Volodymyr Zelenskyy Has Reportedly Survived 3 Assassination Attempts In The Last Week

The Kremlin has dispatched two separate groups of mercenaries to Kyiv in an attempt to kill the Ukrainian President.

Ukrainian President Volodymyr Zelenskyy has survived at least three targeted assassination attempts in the last week, according to The Times of London.

Since Russia’s unprovoked war on its western neighbor began last week, Zelenskyy has been conducting business from a handful of bunkers throughout the nation’s capital, having declined an offer from the U.S. to evacuate him.

That’s left him vulnerable to attempts on his life by teams of Kremlin-backed assassins.

Ukrainian National Security and Defense Council Secretary Oleksiy Danilov told a Ukrainian television network that anti-war elements in Russia’s Federal Security Service (FSB) have been essential in helping foil some of the plots.

In a defiant speech last week, Zelenskyy acknowledged that he is “target No. 1” in an effort to “damage Ukraine politically by destroying the head of state.”

“But we are not afraid, we are not afraid of anything,” he said. “We are not afraid to defend our country. We are not afraid of Russia.”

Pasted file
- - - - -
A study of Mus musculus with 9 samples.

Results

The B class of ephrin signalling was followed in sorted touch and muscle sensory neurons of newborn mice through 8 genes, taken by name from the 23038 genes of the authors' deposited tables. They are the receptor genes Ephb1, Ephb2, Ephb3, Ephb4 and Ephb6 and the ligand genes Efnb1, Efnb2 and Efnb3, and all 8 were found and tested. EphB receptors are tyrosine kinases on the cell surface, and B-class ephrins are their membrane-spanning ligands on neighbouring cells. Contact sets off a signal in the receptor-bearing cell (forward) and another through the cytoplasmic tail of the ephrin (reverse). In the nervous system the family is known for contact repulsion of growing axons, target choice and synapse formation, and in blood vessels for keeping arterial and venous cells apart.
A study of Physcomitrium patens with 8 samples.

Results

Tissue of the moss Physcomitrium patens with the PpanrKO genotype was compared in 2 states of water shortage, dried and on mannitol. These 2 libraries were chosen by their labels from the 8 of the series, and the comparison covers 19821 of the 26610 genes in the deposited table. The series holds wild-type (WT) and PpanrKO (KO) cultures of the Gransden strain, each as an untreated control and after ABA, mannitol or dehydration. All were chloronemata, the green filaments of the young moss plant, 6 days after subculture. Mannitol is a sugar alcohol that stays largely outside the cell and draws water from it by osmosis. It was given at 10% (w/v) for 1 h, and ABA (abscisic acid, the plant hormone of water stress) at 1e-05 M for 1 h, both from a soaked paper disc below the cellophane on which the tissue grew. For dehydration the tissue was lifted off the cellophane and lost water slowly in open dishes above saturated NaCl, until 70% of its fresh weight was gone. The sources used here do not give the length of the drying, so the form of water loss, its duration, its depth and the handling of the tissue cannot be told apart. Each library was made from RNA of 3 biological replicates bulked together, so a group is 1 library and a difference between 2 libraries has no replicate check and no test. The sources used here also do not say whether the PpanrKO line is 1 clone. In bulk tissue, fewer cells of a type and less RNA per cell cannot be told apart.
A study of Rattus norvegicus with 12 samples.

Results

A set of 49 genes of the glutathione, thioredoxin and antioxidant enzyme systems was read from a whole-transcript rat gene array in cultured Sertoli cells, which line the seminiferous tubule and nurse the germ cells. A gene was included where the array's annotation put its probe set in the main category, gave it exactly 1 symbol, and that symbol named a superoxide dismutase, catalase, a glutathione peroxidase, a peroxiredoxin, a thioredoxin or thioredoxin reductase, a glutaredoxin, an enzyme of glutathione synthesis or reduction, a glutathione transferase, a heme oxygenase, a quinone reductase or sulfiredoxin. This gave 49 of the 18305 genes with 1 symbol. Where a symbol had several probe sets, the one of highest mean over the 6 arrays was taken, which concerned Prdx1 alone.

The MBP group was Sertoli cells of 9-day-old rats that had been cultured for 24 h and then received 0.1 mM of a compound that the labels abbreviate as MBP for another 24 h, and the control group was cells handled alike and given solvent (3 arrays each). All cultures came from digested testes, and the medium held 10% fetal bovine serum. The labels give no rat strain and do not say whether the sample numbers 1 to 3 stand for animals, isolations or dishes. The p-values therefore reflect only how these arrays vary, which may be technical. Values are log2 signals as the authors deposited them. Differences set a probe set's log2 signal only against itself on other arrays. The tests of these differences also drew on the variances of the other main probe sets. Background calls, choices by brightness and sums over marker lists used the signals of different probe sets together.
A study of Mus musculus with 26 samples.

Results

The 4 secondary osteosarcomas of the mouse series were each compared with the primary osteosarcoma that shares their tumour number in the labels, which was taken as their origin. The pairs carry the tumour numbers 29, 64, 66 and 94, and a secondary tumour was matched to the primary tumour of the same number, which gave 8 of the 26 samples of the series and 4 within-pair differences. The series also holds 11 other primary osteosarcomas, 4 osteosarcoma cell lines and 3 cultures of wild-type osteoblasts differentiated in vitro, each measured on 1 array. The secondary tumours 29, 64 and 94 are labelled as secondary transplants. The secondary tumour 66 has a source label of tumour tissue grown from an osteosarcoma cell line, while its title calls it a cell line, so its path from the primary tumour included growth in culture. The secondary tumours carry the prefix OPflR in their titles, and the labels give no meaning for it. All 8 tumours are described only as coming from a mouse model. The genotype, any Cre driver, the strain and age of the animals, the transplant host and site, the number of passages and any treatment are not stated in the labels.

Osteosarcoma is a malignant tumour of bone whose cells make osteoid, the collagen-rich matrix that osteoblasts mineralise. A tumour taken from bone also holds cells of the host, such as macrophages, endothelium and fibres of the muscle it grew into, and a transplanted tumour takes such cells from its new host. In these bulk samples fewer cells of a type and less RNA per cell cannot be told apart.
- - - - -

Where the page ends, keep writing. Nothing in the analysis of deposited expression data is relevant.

U.S. officials warned last month that Russian forces have compiled a hit list of Ukrainian citizens to be killed or sent to detention camps.

The Kremlin has reportedly dispatched two separate groups of mercenaries to Kyiv in an attempt to fulfill that directive. One is being orchestrated by the Wagner Group, a private military contractor run by Vladimir Putin ally Yevgeny Prigozhin, aka “Putin’s Chef.” The other is a group of elite Chechen fighters controlled by Chechen Republic leader Ramzan Akhmadovich Kadyrov.

Danilov said on Tuesday that an assassination attempt by the Chechens over the weekend failed, and the group responsible for the attempt had been “destroyed.”

Among those killed by Ukrainian forces was Chechen-Russian Gen. Magomed Tushayev, who has been accused of torturing and killing LGBTQ+ people in Chechnya.

“As we’ve seen in the past, we expect Russia will try to force cooperation through intimidation and repression,” a U.S. official speaking on condition of anonymity told Foreign Policy.

“These acts, which in past Russian operations have included targeted killings, kidnappings/forced disappearances, detentions, and the use of torture, would likely target those who oppose Russian actions, including Russian and Belarusian dissidents in exile in Ukraine, journalists and anti-corruption activists, and vulnerable populations such as religious and ethnic minorities and LGBTQI+ persons.”